Novak Djokovic plans 2023 Australian Open return: tournament chief

Reports have suggested Novak Djokovic could sue Tennis Australia to recover his court and travel costs.

Agence France-Presse January 23, 2022 09:59:20 IST
Novak Djokovic plans 2023 Australian Open return: tournament chief

Novak Djokovic would be back in Australia in 2023. AP

Novak Djokovic intends to play the Australian Open in 2023, tournament chief Craig Tiley said Sunday while blaming "miscommunication" for his deportation ahead of this year's event.

The world number one's visa was cancelled ahead of the season-opening Grand Slam over his Covid-19 vaccination status, an incident that tarred the lead-up.

He flew out of Melbourne a week ago after failing in a last-gasp bid to stay and target a record 21st major title following a protracted legal battle with Australian authorities.

Tiley has kept a low profile since, but asked Sunday whether the unvaccinated Serbian planned to return for the 2023 tournament despite the possibility that his visa could be revoked for up to three years, he replied: "Yes."

"Obviously, he's got to play out this year, but that will be his intention," he told public broadcaster ABC.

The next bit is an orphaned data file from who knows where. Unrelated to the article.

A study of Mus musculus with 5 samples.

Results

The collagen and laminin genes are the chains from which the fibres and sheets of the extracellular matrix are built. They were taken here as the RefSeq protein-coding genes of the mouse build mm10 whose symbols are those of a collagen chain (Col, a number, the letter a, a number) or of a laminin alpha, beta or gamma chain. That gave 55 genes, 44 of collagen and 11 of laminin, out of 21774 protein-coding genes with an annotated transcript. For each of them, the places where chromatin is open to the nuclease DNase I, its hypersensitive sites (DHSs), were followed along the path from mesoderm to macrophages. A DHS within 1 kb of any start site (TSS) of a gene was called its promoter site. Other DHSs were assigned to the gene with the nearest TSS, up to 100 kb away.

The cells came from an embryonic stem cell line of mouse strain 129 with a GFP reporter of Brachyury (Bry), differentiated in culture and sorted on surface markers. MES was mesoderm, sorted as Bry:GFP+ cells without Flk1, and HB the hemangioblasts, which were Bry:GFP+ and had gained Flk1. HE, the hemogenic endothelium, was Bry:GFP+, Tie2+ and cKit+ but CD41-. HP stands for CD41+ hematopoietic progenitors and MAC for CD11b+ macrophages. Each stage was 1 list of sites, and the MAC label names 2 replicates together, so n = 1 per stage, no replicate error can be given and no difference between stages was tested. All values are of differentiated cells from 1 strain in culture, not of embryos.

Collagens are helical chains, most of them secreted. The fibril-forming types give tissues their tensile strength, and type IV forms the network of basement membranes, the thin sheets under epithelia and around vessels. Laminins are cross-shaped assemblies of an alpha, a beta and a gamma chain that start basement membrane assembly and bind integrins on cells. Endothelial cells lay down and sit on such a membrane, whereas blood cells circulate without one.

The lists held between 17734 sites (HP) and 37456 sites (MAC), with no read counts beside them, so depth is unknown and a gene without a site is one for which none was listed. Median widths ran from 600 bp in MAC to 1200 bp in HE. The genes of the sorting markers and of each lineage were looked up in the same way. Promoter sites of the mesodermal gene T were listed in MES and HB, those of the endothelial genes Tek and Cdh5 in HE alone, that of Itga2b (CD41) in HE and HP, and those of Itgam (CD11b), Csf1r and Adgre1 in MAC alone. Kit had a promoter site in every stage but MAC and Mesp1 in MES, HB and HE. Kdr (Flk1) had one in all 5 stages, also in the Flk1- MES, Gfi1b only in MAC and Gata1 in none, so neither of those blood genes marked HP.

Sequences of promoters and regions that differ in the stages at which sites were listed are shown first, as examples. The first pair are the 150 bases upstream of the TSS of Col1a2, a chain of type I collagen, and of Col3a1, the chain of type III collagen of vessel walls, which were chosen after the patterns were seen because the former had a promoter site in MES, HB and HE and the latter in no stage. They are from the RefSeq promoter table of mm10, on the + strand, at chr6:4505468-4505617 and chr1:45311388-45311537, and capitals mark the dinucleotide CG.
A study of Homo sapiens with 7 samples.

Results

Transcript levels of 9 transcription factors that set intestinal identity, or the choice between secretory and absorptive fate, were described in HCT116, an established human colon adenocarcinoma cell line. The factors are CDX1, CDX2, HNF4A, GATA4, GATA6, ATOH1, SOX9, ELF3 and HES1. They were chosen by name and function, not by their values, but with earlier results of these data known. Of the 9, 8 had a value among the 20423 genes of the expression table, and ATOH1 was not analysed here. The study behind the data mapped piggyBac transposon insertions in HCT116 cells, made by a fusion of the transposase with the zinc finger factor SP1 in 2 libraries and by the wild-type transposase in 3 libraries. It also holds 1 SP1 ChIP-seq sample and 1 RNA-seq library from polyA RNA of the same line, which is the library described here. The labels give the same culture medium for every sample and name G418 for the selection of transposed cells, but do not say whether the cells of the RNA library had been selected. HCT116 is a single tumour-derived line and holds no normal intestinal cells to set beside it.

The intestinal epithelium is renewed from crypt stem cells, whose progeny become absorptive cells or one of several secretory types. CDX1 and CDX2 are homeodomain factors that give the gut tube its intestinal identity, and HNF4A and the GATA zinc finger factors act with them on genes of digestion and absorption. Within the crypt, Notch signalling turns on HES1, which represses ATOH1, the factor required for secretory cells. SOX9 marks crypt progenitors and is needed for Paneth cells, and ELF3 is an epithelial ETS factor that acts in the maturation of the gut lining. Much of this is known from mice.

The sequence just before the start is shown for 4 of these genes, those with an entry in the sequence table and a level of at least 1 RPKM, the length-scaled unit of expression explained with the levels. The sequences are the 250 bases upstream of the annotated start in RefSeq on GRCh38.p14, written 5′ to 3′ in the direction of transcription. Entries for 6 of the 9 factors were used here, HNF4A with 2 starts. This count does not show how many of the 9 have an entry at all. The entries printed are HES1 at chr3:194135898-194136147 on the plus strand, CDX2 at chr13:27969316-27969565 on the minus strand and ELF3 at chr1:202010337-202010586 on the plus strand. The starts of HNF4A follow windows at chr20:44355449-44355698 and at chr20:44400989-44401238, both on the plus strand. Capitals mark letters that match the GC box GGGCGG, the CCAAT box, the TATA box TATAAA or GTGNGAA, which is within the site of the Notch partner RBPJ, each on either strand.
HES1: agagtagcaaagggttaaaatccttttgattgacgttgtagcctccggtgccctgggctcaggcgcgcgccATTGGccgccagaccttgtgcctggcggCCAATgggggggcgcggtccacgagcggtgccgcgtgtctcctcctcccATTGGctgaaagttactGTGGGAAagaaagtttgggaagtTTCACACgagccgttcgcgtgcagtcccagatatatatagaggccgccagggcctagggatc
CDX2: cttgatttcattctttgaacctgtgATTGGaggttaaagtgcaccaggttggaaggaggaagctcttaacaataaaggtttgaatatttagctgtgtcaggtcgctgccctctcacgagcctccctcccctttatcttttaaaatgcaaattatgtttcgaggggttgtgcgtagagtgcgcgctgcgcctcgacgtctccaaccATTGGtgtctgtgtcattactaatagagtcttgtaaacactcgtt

"At the end of the day, he's the number one player in the world and he really loves the Australian Open."

But Daniel Andrews, premier of Victoria state that hosts the tournament, insisted Djokovic would only be welcome if he was vaccinated.

"Rafa (Nadal) had it right. It could all have been avoided if he just got vaccinated, and that fellow might think he's bigger than the tournament. He's not," Andrews told reporters.

"That's why the tournament's happening without him. And it's a great success."

Djokovic's long-time coach Marian Vajda late last week said the "whole situation hit him mentally".

"It will hurt him for a long time and it will be difficult to get it out of his head," he told the Sport.sk website, while blasting the "unjust political process" that led to Djokovic being booted out.

Tiley blamed "forever-changing conditions" and "miscommunication" with the federal government for his deportation after Djokovic was initially granted an exemption from Tennis Australia's chief medical officer.

The rationale was that he had contracted Covid-19 in the past six months, but it was challenged and after a legal battle he ultimately had to leave.

Tiley said Tennis Australia sought clarity on multiple occasions from national authorities, but the evolving nature of the Omicron variant meant that "there was a lot of contradiction and complexity with information".

"Even just in the past week since (the ruling), things have changed in relation to the response to the pandemic," Tiley said.

"We were at the beginning of Omicron and that's why we were constantly seeking clarity, and there was a lot of complexity and contradiction of information before, after and it continues to be all the way through."

Djokovic is now back in Serbia with his image seriously damaged and his future unclear.

Reports have suggested he could sue Tennis Australia to recover his court and travel costs, but asked if legal action was anticipated Tiley said: "No".